Sleep - or lack of is one of the most common problems that parents of babies and toddlers face …. And the most thing that we get asked about in the pharmacy and Best for Baby….. How can I get my baby to sleep?? Some babies are better sleepers than others … Personally I feel the larger the baby at birth, the easier it is for them to sleep, waking only perhaps once for a large bottle in the middle of the night and then dozing right back to sleep. Babies with feeding issues such as colic or lactose intolerance often find it difficult to get to sleep with pain. Digestive issues and how best to deal with them will be discussed by David in a blog later this year. So, what I’m going to focus on now, is how to develop a good sleep routine with your toddler.
It is a little known fact that toddlers often go through a period of sleep regression around the 18 month mark. At 18 months, a lot happens with your baby’s development. They start to communicate and understand much more about the world they live in. This can cause all sorts of dreams at night that can result in your sleeping baba waking up much more often. So, your toddler either (a) never slept well since birth or (b) has developed bad sleeping habits recently. Firstly, your toddler needs to be tired when it is their bedtime. To do this you need to consider the duration and time of their daytime nap (if they are still napping), how much fresh air they have gotten that day and how much physical exercise they had during the day. Even if they have had a “good” night’s sleep, it is important to get the nap in early to try to ensure a good chance they will be tired come bedtime. This could mean getting them outside for lots of fresh air and exercise early in the morning so they nod off quickly and early in the day. After their nap, it is important to try to tire them out again (!!!) before bedtime. This means more exercise, plenty more stimulation and less screen time. Now, I know, I know, you have to do a million other things during the day, but, spending time to develop a good sleep routine will be worth it in the long run and you will reap the benefits once you are getting a full night's sleep…..or as close as is possible to it anyway!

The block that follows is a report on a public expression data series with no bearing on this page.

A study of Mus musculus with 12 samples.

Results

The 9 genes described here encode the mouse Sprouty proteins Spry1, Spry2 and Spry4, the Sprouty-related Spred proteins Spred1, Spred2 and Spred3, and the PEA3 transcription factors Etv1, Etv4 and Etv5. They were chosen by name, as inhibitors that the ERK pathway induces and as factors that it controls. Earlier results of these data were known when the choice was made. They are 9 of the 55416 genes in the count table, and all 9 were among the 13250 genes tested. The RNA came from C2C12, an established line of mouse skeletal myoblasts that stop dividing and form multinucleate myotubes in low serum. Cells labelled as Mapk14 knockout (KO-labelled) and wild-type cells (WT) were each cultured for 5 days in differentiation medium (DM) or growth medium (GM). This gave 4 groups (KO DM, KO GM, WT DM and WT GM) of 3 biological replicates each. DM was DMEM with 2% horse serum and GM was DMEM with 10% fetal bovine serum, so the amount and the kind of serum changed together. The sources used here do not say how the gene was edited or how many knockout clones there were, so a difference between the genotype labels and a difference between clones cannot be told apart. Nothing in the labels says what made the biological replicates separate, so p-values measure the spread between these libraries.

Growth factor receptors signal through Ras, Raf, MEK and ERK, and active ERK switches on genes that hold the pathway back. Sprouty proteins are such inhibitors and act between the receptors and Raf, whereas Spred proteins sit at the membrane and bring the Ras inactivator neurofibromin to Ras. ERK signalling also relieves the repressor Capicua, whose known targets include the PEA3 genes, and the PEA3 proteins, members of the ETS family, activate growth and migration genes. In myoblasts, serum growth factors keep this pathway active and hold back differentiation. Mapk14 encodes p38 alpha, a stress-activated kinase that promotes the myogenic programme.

So, you have worked hard and got them tired enough….. what’s next?? Make sure that bed is a fun, happy place to be. If they are old enough to be moved to a bed instead of a cot, then make a big deal of going to get the new big girl/big boy bed….. one thing toddlers love is the idea of being a big girl/boy. Let them choose their bed linen and perhaps bring them to get a new soft teddy to cuddle at night-time as they fall asleep. A night-light is often a good idea too and many have melodies that come on automatically if your child wakes during the night. Some even allow you to record yourself so your child hears you speaking if they wake up. A necessary investment are bed rails so your child doesn’t go ‘bump’ in the middle of the night! The Safety 1st portable bed rails are easy to install and, as the name suggests, can be collapsed and used on a different bed with ease (great for going to visit grandparents). Personally, once our children moved to a big bed, we always put a stair gate on the door to prevent any night-time wandering and, for the first while, we also found it a good idea to use the Angelcare monitor under the mattress so we would know if they got up out of bed as the alarm would go off. It was a really good way of getting them to stay in bed!!! Next up is a good, solid bedtime routine. Make it fun and try to keep the whole process as lighthearted as possible. Do not overstimulate your toddler, so battles with nerf guns are a definite no-no!! Some people like to give their toddlers a bath before bed, this may not suit everyone as it can be quite time consuming. Have a supper - a light snack with maybe a beaker of milk. Change your toddler into their pjs just before bed. Stick to the same order every night so your toddler soon learns the routine and realises that bedtime is on the way. Let them pick out their favourite book and snuggle them in bed while you read it to them.
If they start to cry, console them and then leave the room. If they continue to cry, I would go back in for a quick, reassuring cuddle and leave again, without entertaining them. This process might take awhile before they go to sleep, but overall you are enforcing the fact that (a) crying will not result in them being taken up and (b) even though you are leaving the room, you are not abandoning them. Some people suggest leaving them to ‘cry it out’ but, personally I couldn’t listen to them crying and anyway, often they can work themselves into such a state that they cannot calm down themselves. As long as you pick a routine and stick to it, despite it seeming difficult for the first few nights (!), then you are enforcing bedtime boundaries in your child’s mind that they will learn to accept. Introducing any new routine takes time and plenty of patience. It may take a month to implement fully…. But just reminding yourself that “this time next month things will have improved” will help you to stick to your goals. Good luck!